Saudi Arabia will take a $10 billion loan from foreign banks to help close the gap in its state finances from collapsed oil revenues, Bloomberg News reported Wednesday. Citing three people with knowledge of the matter, Bloomberg said it would be the first sovereign loan in at least 15 years for the kingdom, the world's biggest oil exporter.
The five-year loan should be signed by the end of the month, said Bloomberg's sources that asked to remain anonymous, as the information is private. They said U.S., European, Japanese and Chinese banks are lending the funds at about 120 basis points above London's interbank offered rate.
The global collapse in crude prices over the last two years -- from more than $100 a barrel in early 2014 to around $40 this month -- has put pressure on Riyadh to cut spending and to intensify its efforts to find economic alternatives. Riyadh posted a record budget deficit of $98 billion in 2015 and projects an $87 billion shortfall for this year. The shortfall has been covered by the kingdom's significant fiscal reserves, which dropped to $611.9 billion at the end of 2015 from $732 billion a year before, Saudi Arabia's Jadwa Investment said in a February report. The kingdom also issued bonds on the domestic market worth $30 billion.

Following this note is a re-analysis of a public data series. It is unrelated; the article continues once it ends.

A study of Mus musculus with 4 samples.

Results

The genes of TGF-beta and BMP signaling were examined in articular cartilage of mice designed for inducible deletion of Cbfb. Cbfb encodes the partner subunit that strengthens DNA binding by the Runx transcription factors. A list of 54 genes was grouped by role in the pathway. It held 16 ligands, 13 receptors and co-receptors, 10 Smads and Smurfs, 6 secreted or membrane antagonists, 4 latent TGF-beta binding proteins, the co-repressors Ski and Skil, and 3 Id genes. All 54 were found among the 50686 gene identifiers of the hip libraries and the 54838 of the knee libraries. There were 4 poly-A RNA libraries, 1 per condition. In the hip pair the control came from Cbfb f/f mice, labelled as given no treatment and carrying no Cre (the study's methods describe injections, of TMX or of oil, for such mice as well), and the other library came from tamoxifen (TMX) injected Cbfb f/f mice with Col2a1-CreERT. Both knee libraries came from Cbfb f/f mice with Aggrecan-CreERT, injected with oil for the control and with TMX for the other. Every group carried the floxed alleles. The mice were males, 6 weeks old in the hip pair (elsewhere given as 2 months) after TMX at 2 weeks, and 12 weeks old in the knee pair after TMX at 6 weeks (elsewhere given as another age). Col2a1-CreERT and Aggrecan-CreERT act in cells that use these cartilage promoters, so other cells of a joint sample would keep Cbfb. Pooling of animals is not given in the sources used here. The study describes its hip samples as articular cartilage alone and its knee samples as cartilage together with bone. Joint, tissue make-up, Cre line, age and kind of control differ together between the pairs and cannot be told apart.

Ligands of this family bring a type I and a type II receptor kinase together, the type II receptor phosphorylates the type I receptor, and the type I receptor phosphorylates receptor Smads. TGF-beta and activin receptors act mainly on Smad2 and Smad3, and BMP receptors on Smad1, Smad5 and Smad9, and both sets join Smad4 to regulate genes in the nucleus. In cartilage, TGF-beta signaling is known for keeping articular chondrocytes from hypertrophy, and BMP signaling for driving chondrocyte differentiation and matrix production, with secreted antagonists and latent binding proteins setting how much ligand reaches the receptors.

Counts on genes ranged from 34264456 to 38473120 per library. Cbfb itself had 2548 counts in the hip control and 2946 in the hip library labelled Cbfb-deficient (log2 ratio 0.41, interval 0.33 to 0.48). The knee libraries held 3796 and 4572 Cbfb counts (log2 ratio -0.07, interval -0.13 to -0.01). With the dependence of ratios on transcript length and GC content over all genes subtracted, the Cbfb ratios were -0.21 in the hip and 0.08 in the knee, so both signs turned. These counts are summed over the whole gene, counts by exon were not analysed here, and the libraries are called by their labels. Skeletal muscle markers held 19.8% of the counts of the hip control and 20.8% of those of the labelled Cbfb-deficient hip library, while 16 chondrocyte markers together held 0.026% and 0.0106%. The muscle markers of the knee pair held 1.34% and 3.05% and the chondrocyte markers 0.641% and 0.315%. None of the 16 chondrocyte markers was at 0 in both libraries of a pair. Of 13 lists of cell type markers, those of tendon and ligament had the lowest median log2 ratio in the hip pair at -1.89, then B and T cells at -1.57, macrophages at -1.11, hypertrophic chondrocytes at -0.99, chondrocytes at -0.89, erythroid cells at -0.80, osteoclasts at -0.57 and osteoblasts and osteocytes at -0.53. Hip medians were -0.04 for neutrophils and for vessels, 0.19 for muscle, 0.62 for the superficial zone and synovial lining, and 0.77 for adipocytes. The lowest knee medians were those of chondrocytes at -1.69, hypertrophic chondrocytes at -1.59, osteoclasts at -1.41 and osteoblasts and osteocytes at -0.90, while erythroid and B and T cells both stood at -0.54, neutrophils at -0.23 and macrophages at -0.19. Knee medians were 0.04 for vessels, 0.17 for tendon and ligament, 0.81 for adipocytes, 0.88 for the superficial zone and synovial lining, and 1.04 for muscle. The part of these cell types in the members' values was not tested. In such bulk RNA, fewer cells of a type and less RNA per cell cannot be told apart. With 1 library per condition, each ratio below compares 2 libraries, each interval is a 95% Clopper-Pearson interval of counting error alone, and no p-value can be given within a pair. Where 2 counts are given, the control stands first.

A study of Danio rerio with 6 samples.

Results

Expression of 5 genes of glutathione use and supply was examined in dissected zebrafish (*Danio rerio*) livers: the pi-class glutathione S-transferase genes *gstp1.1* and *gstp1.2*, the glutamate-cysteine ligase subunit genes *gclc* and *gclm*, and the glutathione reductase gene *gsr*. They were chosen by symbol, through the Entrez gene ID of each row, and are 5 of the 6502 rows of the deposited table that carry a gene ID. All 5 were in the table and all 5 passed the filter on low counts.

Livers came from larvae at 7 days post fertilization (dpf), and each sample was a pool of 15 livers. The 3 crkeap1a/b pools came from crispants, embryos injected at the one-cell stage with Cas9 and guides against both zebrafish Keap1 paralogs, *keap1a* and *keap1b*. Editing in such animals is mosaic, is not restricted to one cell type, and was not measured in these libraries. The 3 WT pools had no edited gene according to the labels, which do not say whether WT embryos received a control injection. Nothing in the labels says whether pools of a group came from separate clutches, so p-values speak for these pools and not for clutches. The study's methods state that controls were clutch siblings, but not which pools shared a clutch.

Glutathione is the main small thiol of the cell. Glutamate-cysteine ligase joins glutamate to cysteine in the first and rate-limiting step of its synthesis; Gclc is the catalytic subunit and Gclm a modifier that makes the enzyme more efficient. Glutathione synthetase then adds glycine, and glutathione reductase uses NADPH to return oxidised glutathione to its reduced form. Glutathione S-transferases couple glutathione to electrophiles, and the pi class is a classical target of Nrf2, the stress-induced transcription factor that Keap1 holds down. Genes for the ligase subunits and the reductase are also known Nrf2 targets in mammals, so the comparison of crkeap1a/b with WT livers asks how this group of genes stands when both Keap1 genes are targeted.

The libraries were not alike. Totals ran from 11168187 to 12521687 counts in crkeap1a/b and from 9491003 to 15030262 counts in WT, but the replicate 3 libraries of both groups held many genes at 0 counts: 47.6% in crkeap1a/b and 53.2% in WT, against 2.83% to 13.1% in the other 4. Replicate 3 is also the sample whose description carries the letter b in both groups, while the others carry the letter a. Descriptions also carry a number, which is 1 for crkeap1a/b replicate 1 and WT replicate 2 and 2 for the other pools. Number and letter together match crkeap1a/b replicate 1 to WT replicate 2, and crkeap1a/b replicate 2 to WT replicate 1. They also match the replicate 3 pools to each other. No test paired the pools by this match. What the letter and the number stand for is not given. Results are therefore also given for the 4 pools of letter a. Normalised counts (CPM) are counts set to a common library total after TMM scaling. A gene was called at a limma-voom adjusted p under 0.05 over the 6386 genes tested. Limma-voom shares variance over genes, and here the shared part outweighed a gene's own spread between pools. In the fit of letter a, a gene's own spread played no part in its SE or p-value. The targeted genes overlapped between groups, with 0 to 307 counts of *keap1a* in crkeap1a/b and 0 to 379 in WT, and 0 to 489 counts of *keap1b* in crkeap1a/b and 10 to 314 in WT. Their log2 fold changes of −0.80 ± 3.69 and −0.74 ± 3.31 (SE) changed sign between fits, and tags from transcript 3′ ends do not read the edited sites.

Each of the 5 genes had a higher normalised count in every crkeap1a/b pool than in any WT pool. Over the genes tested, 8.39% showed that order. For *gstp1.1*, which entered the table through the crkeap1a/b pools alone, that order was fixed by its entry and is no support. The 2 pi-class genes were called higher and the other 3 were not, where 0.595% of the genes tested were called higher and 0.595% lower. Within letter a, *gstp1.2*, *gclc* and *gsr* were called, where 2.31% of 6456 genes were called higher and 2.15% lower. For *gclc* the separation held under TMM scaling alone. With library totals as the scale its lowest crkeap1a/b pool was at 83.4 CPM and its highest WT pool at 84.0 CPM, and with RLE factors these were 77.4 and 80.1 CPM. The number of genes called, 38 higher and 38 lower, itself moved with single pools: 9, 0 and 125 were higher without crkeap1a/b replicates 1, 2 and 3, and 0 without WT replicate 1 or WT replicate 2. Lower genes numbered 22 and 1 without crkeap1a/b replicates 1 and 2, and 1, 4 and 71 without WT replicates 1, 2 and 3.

Riyadh took the unprecedented step of raising retail fuel prices by up to 80 percent in December and cutting subsidies for electricity, water and other services. It also delayed some major projects and mooted privatizations and the imposition of taxes.
On Monday the kingdom is to announce its "vision" for future social and economic development, including a "National Transformation Program" aimed at diversifying the economy away from oil, which still accounts for more than 70 percent of state revenues.
Agencies have lowered Saudi Arabia's long-term credit ratings. Fitch Ratings earlier this month downgraded Riyadh to AA- from AA due to the "major negative implications" of the plunge in oil prices.